It’s been months since I’ve posted anything here that relates to “life,” so in the spirit of taking a day off from school (mostly), I thought I’d write a bit about the story of our front yard garden.
Annette and Will and I live in the Ypsilanti neighborhood of Normal Park, which is mostly older homes (ours was built in the late 1940s) with lots and lots of trees. Like lots of people in this neighborhood, we do a fair amount of gardening. I wouldn’t describe us as passionate or knowledgeable (I always admire people who know the names of all of their plants, especially when they know them in Latin), and I don’t think we’re going to win any prizes or be on a garden tour any time soon. But we do pretty good, I think. When it comes to flowers and the like, we tend toward hard to kill perennials, pretty standard annuals, a lot of hostas, and hanging baskets that always dry up and die by early August. Herbs grow like weeds, so almost all of them work. We’re not trying to live off the land or anything, so for the most part, food-wise we like the kinds of vegetables that are always best super-fresh, things like lettuce and especially tomatoes. We stick things in the ground, try to remember to water them, hope for the best.
A couple years ago, I heard about and then bought a book by Mel Bartholomew and his “square foot gardening” methods. My first efforts were back in 2009 along the side of our house in a narrow strip of yard that got a surprising amount of sun. That worked out well (here are a few more pictures of that).
So in 2010, I decided to tear up an even larger space for I referred to as “the huge square-foot garden” because it was four 4X8 foot raised beds of mostly perennials and herbs. I had pretty good luck with things in 2010 and 2011, though not as much this year– more on that in a second. But this way in the backyard garden has its limitations because it is largely shaded by the giant trees around there– you can see some of them in the background of the photo to the right.
But in 2011, we had a pretty bad year with the side of the house square foot garden, partly because of weather and partly because my neighbor’s tree really shot up and put this once sunny all day long spot into a lot of shade. We missed the tomatoes.
Anyway, that’s what started this year’s front yard garden.
We started with a box built from three twelve-foot long 2X12s, one cut into four three-foot lengths (I had them cut at Home Depot). Will and I nailed those things together, laid it on top of some gardening fabric, and filled it mostly with “Mel’s Mix” (1/3 vermiculite, 1/3 peat moss, 1/3 compost), though I also added a lot of garden store variety top soil and compost to fill this thing up. The 2X12 box is unnecessarily large and takes a lot of dirt; on the other hand, my smaller boxes are starting to warp a bit, and this thing seems pretty indestructible.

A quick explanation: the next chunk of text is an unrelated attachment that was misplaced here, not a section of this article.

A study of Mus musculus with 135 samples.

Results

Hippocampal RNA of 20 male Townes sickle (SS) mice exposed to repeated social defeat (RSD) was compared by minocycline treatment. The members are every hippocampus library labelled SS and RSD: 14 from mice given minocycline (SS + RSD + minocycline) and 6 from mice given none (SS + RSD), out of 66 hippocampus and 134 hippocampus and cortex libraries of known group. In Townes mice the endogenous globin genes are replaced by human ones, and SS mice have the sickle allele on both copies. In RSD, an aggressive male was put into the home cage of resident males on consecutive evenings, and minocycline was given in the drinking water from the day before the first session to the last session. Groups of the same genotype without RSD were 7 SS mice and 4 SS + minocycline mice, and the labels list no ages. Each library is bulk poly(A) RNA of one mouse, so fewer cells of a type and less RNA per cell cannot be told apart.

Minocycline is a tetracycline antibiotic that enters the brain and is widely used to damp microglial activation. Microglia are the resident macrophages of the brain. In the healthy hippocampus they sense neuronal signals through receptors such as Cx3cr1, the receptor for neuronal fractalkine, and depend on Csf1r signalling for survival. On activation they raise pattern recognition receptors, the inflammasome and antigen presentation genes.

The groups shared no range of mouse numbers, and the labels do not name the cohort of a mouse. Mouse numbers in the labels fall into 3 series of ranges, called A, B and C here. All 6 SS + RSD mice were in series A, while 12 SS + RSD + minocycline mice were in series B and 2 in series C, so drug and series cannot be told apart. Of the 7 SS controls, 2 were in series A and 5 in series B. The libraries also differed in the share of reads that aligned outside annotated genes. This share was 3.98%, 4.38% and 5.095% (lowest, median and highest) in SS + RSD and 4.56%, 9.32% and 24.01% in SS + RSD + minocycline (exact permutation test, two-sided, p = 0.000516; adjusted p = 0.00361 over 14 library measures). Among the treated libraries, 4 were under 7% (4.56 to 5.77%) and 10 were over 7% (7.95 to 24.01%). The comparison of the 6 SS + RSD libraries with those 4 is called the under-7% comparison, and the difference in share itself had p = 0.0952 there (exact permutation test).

It started off looking pretty pathetic back in April:
But we’ve seen pretty steady progress over the summer, and by early September, things were looking pretty good:
We didn’t do this as a political statement about urban farming or our rights as homeowners to plant vegetables in our front yard. We just wanted a sunny spot to grow tomatoes and things. But I remember mentioning these plans to my mother and she thought it might be “tacky,” and there have been some cases (including in a northern Detroit suburb) where it is against code or neighborhood agreements and such. If you do a search for “front yard gardening,” you’ll come across as many “is this illegal?” web sites as you will pages with tips.
I didn’t think it would be a problem in our neighborhood because there are lots of gardeners around here, but I have to say I’ve been kind of surprised by the enthusiastic and nothing but positive response we’ve heard from people. Whenever Annette or I are out there weeding or picking things, people walking down the street stop and inevitably say something nice about it all. I think it’s fair to say I’ve talked to more of my neighbors in the last five or so months than I did in the previous 10 years.
And we’ve gotten a shitload of tomatoes.
A few tips and/or thoughts for next year:
- One of the reasons why this has worked out so well is because I bought a cheap timer for the sprinkler, which I ran for 30 minutes a day, especially when it was super-hot and dry around here. The simple success of that was a real eye-opener for me, and I’m planning on doing more of that with some of the other garden spaces around here next year.
- The tomatoes did great, though I am thinking that next year, I’ll try planting heirlooms and more unusual tomatoes instead of the more “garden variety” (pun intended) varieties. Carrots were a real surprise— we never had this kind of success with them before– so there will be more of those, and since the basil did crappy in the the backyard this year, I’ll try some more fo that up front next summer.
- I’d like to rehabilitate the side yard garden again, maybe with some combination of perennials and veggies that don’t require quite as much sun. We’ll see.
- And growing isn’t over yet, I don’t think. I need to figure out how late I can still plant stuff like spinach out there.